The Dos and Don’ts of Sealing the Deck
Avoid common mistakes when applying sealant that can leave your deck vulnerable to damage and hazards.
A backyard deck is the perfect platform for good times, but that wooden surface needs a proper sealant to protect it against the ravages of sun, rain, and temperature fluctuations. While you can hire a decking contractor to seal the surface, many homeowners opt to tackle the task—and save between about $550 and $1,260, according to HomeAdvisor. Sealing a wooden deck isn’t the toughest DIY project for a homeowner, but there are definitely tricks and techniques that help ensure quality results beyond just choosing the right product. Start with one of our recommendations for the best deck sealer, then follow this expert advice for sealing a deck to get the job done right the first time.
DO wait 30 days before sealing a new deck.
If you’ve just put in a new deck, you’re no doubt itching to finish the job by sealing it. But preservatives in the wood often require about 30 days’ dwell time before the deck can soak up the sealant. After a 30-day period, pour some water on your deck. If it beads up, the wood is still too wet to seal, but if the water is absorbed, it’s ready to seal. Be sure to apply sealant as soon as the wood is ready; leaving the deck exposed any longer increases the likelihood of both ultraviolet (UV) and moisture damage.
DON’T confuse paint, stain, and sealant.
Sealant, stain, and paint can all be applied to a deck for different degrees of protection.
- Sealants are primarily used to protect against moisture damage. They contain waterproof or water repellant properties and have a thicker viscosity than stains. Unlike stains, sealants lack pigmentation and generally provide less UV protection than stains.
- Stains always include pigmentation, which adds color to the deck and helps protect against UV damage. Even the best deck stains generally offer only moderate moisture protection.
- Paint, be it latex or oil-based, can protect against both UV and moisture damage, but the best deck paint generally doesn’t hold up as long sealant or stain. Also, if there’s any lingering moisture in the wood during application, paint will be susceptible to bubbling and chipping.
Bottom line: A combined stain-and-sealant product offers durable, moisture- and UV-protection with the least drawbacks. In lieu of that, you can apply a simple stain to the deck and, after 48 hours, apply sealant for a similar level of protection.
DO repair, wash, and sand your deck before sealing.
Proper prep is key to successfully sealing a deck. Repair or replace any loose or broken boards, so that future breaks or cracks won’t create hazards. Then, wash the deck using a power-washer to scrub the surface clean. Allow to dry for 24 hours, then sand the surface with between a 60 to 150 grit sandpaper or sanding disk. Use a powered sanding tool to remove the top layer of wood, which could act as a barrier to the sealant.
On a previously stained deck, also be sure to sand the entire surface—areas where the sealant has worn away as well as those that still have moisture protection intact. This moisture protection would prevent new sealant from being absorbed, so sand evenly to ensure a clean, bare surface.
Finally, sweep or vacuum thoroughly. Even a brand new deck will need at least a brief washing and drying to banish any dirt and grime accumulated during the initial 30 drying period.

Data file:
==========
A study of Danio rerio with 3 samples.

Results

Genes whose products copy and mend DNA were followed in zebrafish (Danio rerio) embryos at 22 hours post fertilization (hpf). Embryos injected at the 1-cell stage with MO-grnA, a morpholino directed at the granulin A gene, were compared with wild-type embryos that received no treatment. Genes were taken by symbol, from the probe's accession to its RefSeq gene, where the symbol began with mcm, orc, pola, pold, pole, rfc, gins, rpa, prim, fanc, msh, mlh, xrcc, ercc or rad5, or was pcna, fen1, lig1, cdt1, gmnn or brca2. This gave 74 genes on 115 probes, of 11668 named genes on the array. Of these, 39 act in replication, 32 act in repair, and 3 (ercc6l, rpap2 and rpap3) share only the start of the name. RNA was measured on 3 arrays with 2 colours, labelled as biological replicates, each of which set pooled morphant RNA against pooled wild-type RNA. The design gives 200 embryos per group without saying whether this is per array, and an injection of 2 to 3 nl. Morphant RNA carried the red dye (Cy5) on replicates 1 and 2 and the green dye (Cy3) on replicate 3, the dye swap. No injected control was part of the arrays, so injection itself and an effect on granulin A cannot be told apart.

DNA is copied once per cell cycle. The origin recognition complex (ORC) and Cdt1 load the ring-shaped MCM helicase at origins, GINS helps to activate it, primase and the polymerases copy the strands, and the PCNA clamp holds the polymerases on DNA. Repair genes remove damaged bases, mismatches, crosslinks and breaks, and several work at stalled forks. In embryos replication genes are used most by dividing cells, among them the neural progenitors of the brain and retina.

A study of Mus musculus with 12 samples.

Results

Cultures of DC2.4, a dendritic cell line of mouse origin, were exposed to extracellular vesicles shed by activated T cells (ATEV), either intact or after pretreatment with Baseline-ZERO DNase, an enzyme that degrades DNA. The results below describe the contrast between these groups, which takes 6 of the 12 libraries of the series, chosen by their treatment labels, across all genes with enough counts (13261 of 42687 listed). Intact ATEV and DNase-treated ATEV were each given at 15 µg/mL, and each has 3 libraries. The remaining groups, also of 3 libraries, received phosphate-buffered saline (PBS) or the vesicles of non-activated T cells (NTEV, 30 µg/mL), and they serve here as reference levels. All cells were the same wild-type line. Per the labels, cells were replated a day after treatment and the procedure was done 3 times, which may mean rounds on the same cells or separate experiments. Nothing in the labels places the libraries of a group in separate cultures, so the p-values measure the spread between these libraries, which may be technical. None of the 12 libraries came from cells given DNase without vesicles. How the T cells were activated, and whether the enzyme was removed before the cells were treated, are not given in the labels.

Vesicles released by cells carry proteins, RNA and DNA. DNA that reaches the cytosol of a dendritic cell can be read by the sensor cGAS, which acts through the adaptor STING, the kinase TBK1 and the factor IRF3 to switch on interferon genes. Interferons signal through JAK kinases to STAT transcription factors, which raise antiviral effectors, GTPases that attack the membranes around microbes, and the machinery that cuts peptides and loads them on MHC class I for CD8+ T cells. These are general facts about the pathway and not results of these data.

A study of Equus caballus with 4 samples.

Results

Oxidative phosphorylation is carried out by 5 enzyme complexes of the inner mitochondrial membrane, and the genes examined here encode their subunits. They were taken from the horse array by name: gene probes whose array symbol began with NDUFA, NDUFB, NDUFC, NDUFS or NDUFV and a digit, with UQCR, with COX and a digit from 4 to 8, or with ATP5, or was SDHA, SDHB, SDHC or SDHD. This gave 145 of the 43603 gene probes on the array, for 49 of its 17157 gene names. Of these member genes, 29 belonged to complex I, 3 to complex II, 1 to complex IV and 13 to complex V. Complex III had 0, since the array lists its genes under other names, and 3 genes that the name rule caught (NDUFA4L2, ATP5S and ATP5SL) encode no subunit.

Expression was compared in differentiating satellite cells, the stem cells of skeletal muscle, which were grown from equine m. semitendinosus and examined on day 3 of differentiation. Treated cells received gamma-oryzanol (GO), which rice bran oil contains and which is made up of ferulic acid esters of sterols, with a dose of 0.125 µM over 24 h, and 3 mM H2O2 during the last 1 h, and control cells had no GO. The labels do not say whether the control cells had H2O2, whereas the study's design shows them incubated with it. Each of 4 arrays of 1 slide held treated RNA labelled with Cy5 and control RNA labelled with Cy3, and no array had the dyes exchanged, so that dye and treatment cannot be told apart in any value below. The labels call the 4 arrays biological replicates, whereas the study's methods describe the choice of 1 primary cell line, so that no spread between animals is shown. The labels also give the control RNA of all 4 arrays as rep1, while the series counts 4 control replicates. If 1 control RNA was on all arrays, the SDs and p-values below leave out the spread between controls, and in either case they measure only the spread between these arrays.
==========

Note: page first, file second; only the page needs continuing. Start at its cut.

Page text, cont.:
DON’T apply sealant to damp or frosty surfaces.
Applying sealant to a damp or frosty deck will lead, at best, to an uneven, splotchy seal that can’t effectively protect your deck. At worst, the sealant will bead up on the water and fail to be absorbed, creating a messy, dangerous slipping hazard. Always allow the surface to dry for at least 24 hours after a rainfall before sealing a deck.
DO use proper tools and technique for sealing a deck.
Deck sealant can be applied using a roller, a paint brush, or even a paint sprayer. You can work from a standing position with a pole or on your hands and knees (kneepads highly recommended). Work slowly enough to ensure that every inch of the deck gets an adequate amount of sealant.
Overly thick sealant is prone to peeling and chipping, so avoid oversaturating the surface by applying only one coat of sealant at a time. In most cases, all you’ll need is one coat, but should you wish to apply a second coat, wait at least 24 hours.
DON’T disregard temperature and time of day.
Plan to seal your deck when temperature and time of day are ideal. Aim for a pleasant, not-too-windy day between 50 and 90 degrees Fahrenheit. Get to work in the morning, as the hot sun of a summer afternoon can cause sealant to evaporate quickly, preventing adequate absorption.
DO apply a sealant-and-stain product once a year.
Consider this a general rule, depending on climate and the age of your deck. In sunnier regions, adhere strictly to a once-a-year schedule to protect the wood from powerful UV rays. Northern regions may get away with a two- or even three-year cycle; however, these regions are more susceptible to moisture damage, so be vigilant about sanding the deck before sealing to ensure that the sealant is able to soak into the wood to provide long term protection against melting snow and other moisture damage.
DON’T use the deck for 48 hours.
While sealant is normally dry to the touch within a few hours, for a proper seal that protects the wood, stay off your deck for two full days. To remind family members, put yellow caution tape across the access routes to the deck. After 48 hours, let the partying begin!